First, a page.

Rich People Gotta Upholster Too

While I am on vacation with the girls for the next week my very good friend Sarah Brown will be your guest host. Sarah blogged at Que Sera Sera for over ten years but currently writes at her Tumblr, Damn Gina.


A few weeks ago, the UPS deliveryman rang my bell and hand-delivered to me a huge stack of Restoration Hardware catalogs weighing about eleven pounds. As far as I can recall, the only thing I have ever purchased from Restoration Hardware was a tiny wind-up robot stocking stuffer in 2001. I had a friend in college who used to work at RH and while I haven’t been inside one in a long time, I remember them as a sort of West Elm-ish store, where you could buy fluffy towels and $18 bottles of fabric softener and oscillating fans that looked like WWII propellers, but also space pens and tiny wind-up robot stocking stuffers near the register. Opening one of these hand-delivered tomes revealed to me this was no longer the case: Restoration Hardware is now officially uppity as hell.

These suckers came with a piece of paper introducing themselves as RH: OUR ANNUAL SOURCE BOOKS, featuring 4 LIFESTYLE BOOKS plus 9 CATEGORY BOOKS, with the whole other side explaining how UPSing me eleven pounds of catalog once a year displayed OUR COMMITMENT TO THE ENVIRONMENT. So now I can’t just put them directly into the recycling bin, I owe it to snarking to (spend five minutes with a steak knife trying to) slice these babies open and see what bullshit awaited me.

And lo! A veritable fuckton of bullshit awaited me! 

There are separate books for tableware, lighting, bath, linens, and small spaces, which are great if you’re decorating your pied-à-terre in Buenos Aires or Antwerp, and who among us isn’t. My friend Danielle and I added up what it would run me to buy the cheapest thing we could find, kitchen cabinet pulls for $16 each, to replace the ones already in my small Brooklyn kitchen: $272. Obviously I am not in the market for or creating a budget to redo a kitchen, so who knows, maybe the rest of my generation has the savings and experience to nod sagely at this number and say, “Eh, that’s not bad,” but all I can think is do you know how many Old Navy V-neck t-shirts I could get for $272?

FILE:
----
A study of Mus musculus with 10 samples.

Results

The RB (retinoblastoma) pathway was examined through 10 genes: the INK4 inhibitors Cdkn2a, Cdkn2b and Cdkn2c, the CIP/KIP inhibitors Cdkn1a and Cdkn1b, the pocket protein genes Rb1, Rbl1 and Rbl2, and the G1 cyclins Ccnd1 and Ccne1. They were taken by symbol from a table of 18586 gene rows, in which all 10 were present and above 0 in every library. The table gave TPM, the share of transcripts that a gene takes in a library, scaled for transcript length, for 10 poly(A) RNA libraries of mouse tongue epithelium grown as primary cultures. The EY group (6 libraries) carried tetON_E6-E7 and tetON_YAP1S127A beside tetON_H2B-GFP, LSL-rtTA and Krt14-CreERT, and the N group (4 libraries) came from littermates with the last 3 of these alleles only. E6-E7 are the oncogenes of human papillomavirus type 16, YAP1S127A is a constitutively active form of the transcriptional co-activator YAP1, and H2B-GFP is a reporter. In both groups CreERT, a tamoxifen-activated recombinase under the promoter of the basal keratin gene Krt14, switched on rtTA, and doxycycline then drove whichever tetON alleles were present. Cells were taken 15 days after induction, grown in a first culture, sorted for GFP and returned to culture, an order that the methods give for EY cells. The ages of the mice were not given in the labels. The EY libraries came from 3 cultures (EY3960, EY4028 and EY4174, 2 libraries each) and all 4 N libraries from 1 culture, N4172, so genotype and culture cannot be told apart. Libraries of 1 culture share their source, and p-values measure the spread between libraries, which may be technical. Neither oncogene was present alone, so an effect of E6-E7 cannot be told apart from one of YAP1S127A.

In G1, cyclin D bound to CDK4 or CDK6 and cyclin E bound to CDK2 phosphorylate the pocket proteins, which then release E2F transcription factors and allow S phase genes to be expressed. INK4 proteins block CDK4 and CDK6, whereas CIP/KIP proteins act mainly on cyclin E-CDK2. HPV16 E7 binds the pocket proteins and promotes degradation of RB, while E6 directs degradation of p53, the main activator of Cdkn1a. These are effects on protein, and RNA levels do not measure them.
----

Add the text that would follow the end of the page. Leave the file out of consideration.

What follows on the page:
The Baby & Child book illustrates how to decorate a nursery if you are Marie Antoinette, or someone who hates colors. For the same price as my monthly rent, you can own the Belle Upholstered Crib, and then why not throw in some washed velvet bedding for $140? Remember, this is for an infant who is guaranteed to defecate all over it, so I’d go with Prairie instead of Lilac. The Baby & Child book also doubles as a great Poncy Name guide for nouveau riche parents who’ve previously only considered Warby Parker frames and streets in SoHo as the sole inspiration available to them for baby names. Sure, you’ve thought of Sloane and Waverly, but what about Airin?

There is an entire catalog of Leather, and I’m not gonna lie: if I could afford it, I’d buy every chair in there. 

But the best is the Objects of Curiosity book, which is full of faked collections of objets d’art for boring rich people who don’t have enough personality to come up with an actual collection on their own, featuring items like Sculptural African Antelope & Springbok Horns. You got me there, rich people: I wouldn’t know how to draw a springbok if requested by a child, but I do know that restaurants in Brooklyn stopped hanging antlers on their walls in 2007.


Other tired old design trends featured were old globes, historic maps, giant letters, and coral. But my favorite was the Rare & Unusual 1920s German Light Bulb Voltage Tester Bar. For only two grand, you can store your bourbon in Not the Death Star! Not racist enough for you? How about the collection of Curious German Carnival Noses, reproduced from turn-of-the-century German carnival molds? Restoration Hardware, do you not employ someone to say “whoa, whooooooaaaa guys, maybe this is not a good idea”? Because I am available. You can pay me in any bottles of $18 fabric softener you have left in a warehouse somewhere. And maybe one leather armchair. I’m not made of steel.